The first time I learned of National Book Award-winning author Andrew Solomon was from his appearance on Charlie Rose’s Brain Series special focusing on depression. Solomon, a longtime sufferer of the disorder, shared his personal story of his relationship with depression and how he learned to get a grip on it. If you have not seen it you absolutely must take the time to watch it in the YouTube video below. The way in which Andrew describes his journey through that experience is the most fascinating and compelling I have ever seen. Andrew Solomon’s book The Noonday Demon: An Atlas of Depression won the 2001 National Book Award, was a finalist for the 2002 Pulitzer Prize, and was included in The Times of London’s list of one hundred best books of the decade.
For his latest book Far from the Tree: Parents, Children, and the Search for Identity Andrew was inspired by his own feelings of having been a disaffected child growing up gay in the upper West Side to uber-wealthy parents who were deeply uncomfortable with his sexuality, and a youth spent under the crushing weight of feeling like he was the only kid going through life feeling so painfully different than everyone else around him. As Goodreads notes: “A decade in the writing … ‘Far from the Tree’ tells the stories of parents who not only learn to deal with their exceptional children but also find profound meaning in doing so. Solomon’s startling proposition is that diversity is what unites us all. He writes about families coping with deafness, dwarfism, Down syndrome, autism, schizophrenia, multiple severe disabilities, with children who are prodigies, who are conceived in rape, who become criminals, who are transgender. While each of these characteristics is potentially isolating, the experience of difference within families is universal, as are the triumphs of love Solomon documents in every chapter.”
In her review for The New York Times Julie Myerson writes: “This is a passionate and affecting work that will shake up your preconceptions and leave you in a better place. It’s a book everyone should read and, although everyone won’t (at a hefty 700 pages of text, with more than 100 pages of notes, it’s no pocket guide), there’s no one who wouldn’t be a more imaginative and understanding parent — or human being — for having done so. As a psycho-sociological study, it’s important and unrivaled; no one has ever collated this amount of evidence before. And even though the book might have benefited from occasional tightening, it still makes for breathtaking reading — a vivid and gripping account of who we are right now, and what exactly happens when we try to make more of ourselves.” You can listen to a New York Times podcast interview with Andrew Solomon by visiting NYTimes.com, read his interview with MPR NEWS, and purchase your own copy of Far From The Tree on Amazon.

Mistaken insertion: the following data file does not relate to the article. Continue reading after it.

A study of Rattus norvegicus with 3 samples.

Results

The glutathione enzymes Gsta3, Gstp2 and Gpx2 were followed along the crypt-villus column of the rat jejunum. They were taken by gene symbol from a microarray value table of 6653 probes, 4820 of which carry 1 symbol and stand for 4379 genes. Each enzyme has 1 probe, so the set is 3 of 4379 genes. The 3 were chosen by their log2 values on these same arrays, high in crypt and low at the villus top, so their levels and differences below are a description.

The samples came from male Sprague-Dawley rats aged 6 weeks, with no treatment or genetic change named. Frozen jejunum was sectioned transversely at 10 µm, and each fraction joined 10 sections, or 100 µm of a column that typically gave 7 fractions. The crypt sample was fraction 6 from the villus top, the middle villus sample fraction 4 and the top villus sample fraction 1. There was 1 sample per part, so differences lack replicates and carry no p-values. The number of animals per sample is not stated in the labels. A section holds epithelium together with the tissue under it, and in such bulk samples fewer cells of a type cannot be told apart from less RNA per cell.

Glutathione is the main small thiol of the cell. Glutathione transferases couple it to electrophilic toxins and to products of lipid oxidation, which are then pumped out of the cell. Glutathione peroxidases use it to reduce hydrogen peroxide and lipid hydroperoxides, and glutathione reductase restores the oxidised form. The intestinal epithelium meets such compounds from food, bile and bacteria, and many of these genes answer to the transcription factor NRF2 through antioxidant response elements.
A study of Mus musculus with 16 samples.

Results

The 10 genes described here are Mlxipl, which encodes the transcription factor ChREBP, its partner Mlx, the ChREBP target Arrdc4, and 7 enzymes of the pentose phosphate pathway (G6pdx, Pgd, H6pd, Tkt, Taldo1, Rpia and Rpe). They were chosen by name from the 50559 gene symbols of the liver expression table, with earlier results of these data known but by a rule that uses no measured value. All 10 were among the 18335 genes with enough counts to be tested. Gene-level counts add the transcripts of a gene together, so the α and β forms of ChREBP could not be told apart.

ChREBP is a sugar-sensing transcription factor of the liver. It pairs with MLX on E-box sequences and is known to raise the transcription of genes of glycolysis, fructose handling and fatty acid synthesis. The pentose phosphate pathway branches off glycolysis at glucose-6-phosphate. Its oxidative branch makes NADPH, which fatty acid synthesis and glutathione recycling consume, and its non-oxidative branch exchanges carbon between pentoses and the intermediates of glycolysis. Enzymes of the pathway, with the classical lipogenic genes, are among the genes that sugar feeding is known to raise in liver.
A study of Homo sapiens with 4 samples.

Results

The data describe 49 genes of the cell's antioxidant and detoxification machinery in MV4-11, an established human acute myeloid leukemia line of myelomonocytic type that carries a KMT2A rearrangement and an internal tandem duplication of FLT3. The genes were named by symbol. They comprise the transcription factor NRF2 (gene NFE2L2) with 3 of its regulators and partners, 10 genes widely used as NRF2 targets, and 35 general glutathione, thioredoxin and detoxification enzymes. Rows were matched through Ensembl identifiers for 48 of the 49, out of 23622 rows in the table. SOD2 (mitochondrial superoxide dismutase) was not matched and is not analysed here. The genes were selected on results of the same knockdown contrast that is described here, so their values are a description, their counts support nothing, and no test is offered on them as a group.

Solomon is the oldest son of Howard Solomon, Chairman of pharmaceutical manufacturer Forest Laboratories, and Carolyn Bower Solomon. Solomon described the experience of being present at his mother’s planned suicide at the end of a long battle with ovarian cancer in an article for The New Yorker; in a fictionalized account in his novel, A Stone Boat; and again in The Noonday Demon. Solomon’s subsequent depression, eventually managed with psychotherapy and antidepressant medications, inspired his father to secure FDA approval to market citalopram (Celexa) in the United States.
Born and raised in New York City, as an adult Solomon became a dual citizen of the United States and the United Kingdom. He and journalist John Habich were joined in an official civil partnership ceremony on June 30, 2007, at Althorp, the Spencer family estate and childhood home of Diana, Princess of Wales (to see an amazing collection of photos and video of Andrew and John’s wedding CLICK HERE). The couple married again on July 19, 2009, the eighth anniversary of their meeting, in Connecticut, so that their marriage would be legally recognized in the state of New York.
In 2003, Solomon and longtime friend Blaine Smith decided to have a child together; their daughter, Carolyn Blaine Smith Solomon, was born in November 2007. Mother and child live in Texas. A son, George Charles Habich Solomon, was born in April 2009, and lives in New York with Solomon and Habich, his adoptive father. Mr. Habich is also biological father of two children, Oliver and Lucy, born to lesbian friends who live in Minneapolis. The development of this composite family was the subject of a feature article by Solomon published in Newsweek in January 2011.
For more amazingness from Andrew Solomon be sure to follow him on Twitter, check out his YouTube videos, and visit his archive at The New Yorker. In honor of Andrew’s staggering body of work and championing of those of us who feel like we came from a different mould he is my newest FEELguide Hero.